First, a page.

NorthernRHPA Northern Rockhopper Penguin has been residing at the Falklands in amongst a colony of Southern Rockhoppers. It was first spotted during the Falkland Islands Seabird Monitoring Programme when Falklands Conservation staff visited this particular colony on East Falkland and has also been seen on numerous occasions by local birding enthusiasts.
The Northern Rockhopper has been sighted each summer since 2009 at the same colony (5 summers in total now). It was even picked up on our in-situ remote camera trap that is in place to capture the timings of the colony’s breeding stages. The lonesome penguin has not been spotted trying to court or mate with a native Rockhopper Penguin yet, but it seems content to stand on the edges of the colony.
 
 

Action Plan for Southern Rockhopper Penguins_Falkland Islands_2014-2020 Filesize 783.2 KB Download 294
 

Diving RockhopperNew: A recent paper showing the dispersal of wintering crested penguins from the Falkland Islands and South Georgia is available to read at this open access link: http://onlinelibrary.wiley.com/doi/10.1111/jbi.12279/full 

 Ratcliffe, N., Crofts, S., Brown, R., Baylis, A.M.M., Adlard, S., Horswill, C., Venables. H., Taylor P., Trathan. P.N., Staniland, I.J. 2014. Love thy neighbour or opposites attract? Patterns of spatial segregation and association among crested penguin populations during winter. Journal of Biogeography. DOI: 10.1111/jbi.12279.


King penguins are the second largest species of penguin (Emperor penguin being the largest). They breed on several subantarctic islands, including South Georgia - but the Falklands population is particularly special! This is because the Falkland Isands population is the most temperate breeding site of king penguins in the world.

Pistorius P, Baylis A, Crofts S, Putz K. (2012) Population development and historical occurrence of King penguins at the Falkland Islands. Antarctic Science.


We deployed SIRTRACK satellite tags during winter 2011 on eight breeding king penguins for periods of 32 – 124 days. King penguins stop feeding their chicks for up to 5 months over winter, which allows them to undertake extended foraging trips that often exceed 50 days. This season, two of the eight satellite tracked king penguins have undertaken remarkable foraging trips over winter.....1800km (round trip) to the Antarctic and back! Combined, the data set (see figure below) represents 733 tracking days and 10,000 at-sea locations.

Our conservation work builds upon previous research to highlight multiple foraging strategies over winter and a degree of foraging plasticity that is simply awesome.  The data is an important step towards identifying ecologically important areas at-sea; a goal of Falklands Conservation. We thank the WWF and the local land owners involved for sharing our passion in the conservation of marine biodiversity.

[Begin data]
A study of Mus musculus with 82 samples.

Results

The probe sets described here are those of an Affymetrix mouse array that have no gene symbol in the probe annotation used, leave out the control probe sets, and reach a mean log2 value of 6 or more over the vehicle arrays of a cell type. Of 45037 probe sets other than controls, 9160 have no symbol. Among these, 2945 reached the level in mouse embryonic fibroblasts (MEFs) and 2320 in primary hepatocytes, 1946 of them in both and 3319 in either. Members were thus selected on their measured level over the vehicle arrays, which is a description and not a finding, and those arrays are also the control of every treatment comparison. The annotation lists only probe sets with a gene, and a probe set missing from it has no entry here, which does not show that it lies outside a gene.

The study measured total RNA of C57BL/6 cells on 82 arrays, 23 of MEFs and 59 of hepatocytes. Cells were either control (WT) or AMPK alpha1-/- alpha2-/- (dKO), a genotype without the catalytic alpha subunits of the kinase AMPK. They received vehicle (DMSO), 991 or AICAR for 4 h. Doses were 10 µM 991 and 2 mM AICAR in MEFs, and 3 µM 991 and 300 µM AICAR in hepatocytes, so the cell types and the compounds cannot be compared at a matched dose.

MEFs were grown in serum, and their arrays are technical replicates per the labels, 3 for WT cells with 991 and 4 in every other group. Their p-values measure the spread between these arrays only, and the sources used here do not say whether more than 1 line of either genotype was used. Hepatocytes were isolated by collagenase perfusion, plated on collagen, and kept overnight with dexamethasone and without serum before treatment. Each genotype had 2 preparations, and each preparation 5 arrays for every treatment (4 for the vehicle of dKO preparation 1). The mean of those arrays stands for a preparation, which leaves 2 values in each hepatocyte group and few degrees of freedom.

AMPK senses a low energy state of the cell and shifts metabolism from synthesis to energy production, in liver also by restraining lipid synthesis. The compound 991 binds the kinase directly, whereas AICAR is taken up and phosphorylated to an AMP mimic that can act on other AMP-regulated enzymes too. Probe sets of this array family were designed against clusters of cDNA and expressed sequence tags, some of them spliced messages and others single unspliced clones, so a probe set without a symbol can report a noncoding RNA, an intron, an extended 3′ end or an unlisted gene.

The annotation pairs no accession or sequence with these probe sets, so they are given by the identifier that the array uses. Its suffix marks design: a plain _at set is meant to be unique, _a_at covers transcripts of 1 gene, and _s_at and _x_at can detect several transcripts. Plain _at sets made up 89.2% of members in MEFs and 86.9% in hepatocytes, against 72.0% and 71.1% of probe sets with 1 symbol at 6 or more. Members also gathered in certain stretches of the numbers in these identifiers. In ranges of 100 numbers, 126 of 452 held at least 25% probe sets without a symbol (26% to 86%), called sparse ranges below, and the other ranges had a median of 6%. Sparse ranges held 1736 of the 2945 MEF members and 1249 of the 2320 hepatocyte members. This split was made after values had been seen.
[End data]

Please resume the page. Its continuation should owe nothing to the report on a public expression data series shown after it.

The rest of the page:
juvenile_male_southern_sea_lion_otaria_flavescens_falkland_islands

The rain, sleet and snow held off just long enough for us to deploy satellite tags on four young males (60 - 120 kg) and two young females (60 kg). This is the first time juveniles have been tracked at the Falklands, so we follow their movements over winter with much anticipation! Maps of foraging routes to follow shortly.

The picture left shows a very young male, happily snoozing on a tussac bog. Can you see several light brown patches of fur? These brown patches are the remnants of his old fur - he has not quite finishing molting. Sea lions molt annually to replace old and worn out fur (generally between March - June for juveniles and adult females, with juveniles molting earlier than females).
 
Photo: Juvenile male southern sea lion, Falkland Islands (Alastair Baylis)
Southern_sea_lion_Otaria_flavescens_PTT_Falkland_Islands_Falklands_ConservationAdult female southern sea lion equipped with a satellite tag in the Falkland Islands (Andrew Stanworth)

 - Males can be up to 3 times larger than females, making the Southern sea lion the most sexually dimorphic of all sea lion species (Steller, New Zealand, Australian, Californian and Galapagos sea lion)

- Adult males weigh 350 kg, while females 80 - 170kg and reach over 2 meters in length.


In 1939 J.E Hamilton published his second report on Falklands’ southern sea lions. His reports are part of the Discovery Reports – the culmination of seminal multi-disciplinary research that involved a series of Antarctic cruises and land-based surveys between 1925 - 1951. Hamilton’s report contained a short note on the winter migration of southern sea lions. The note was based on his observations of the Cape Dolphin colony between 1935 – 1937. In summary, Hamilton suggested part of the Falkland Islands population may migrate away from the Islands during winter. His idea stuck. A quick internet search on southern sea lions reveals statements such as ‘the Falkland Islands are largely abandoned during the winter’, undoubtedly in reference to Hamilton’s salient work. However, while some females move to different haul out sites with their pups over winter and males disperse from breeding beaches, do sea lions really leave the Falklands entirely? A glance at Sealing on the Falkland Islands by local author J.R. Allen suggests that at least some sub-adult and adult males actually remain at the Falklands year round. A fact that I am sure many local land owners would also attest to.


Southern sea lions are top predators in our marine environment. That means that just like seabirds, sea lions play an important role in maintaining the health of our seas. It may come as a surprise, but southern sea lions are one of the least studied pinniped (seals, sea lions, walruses) despite their wide distribution (Chile, Falkland Islands, Peru, Uruguay, Argentina). Information gathered on this enigmatic and iconic animal is therefore important locally and globally.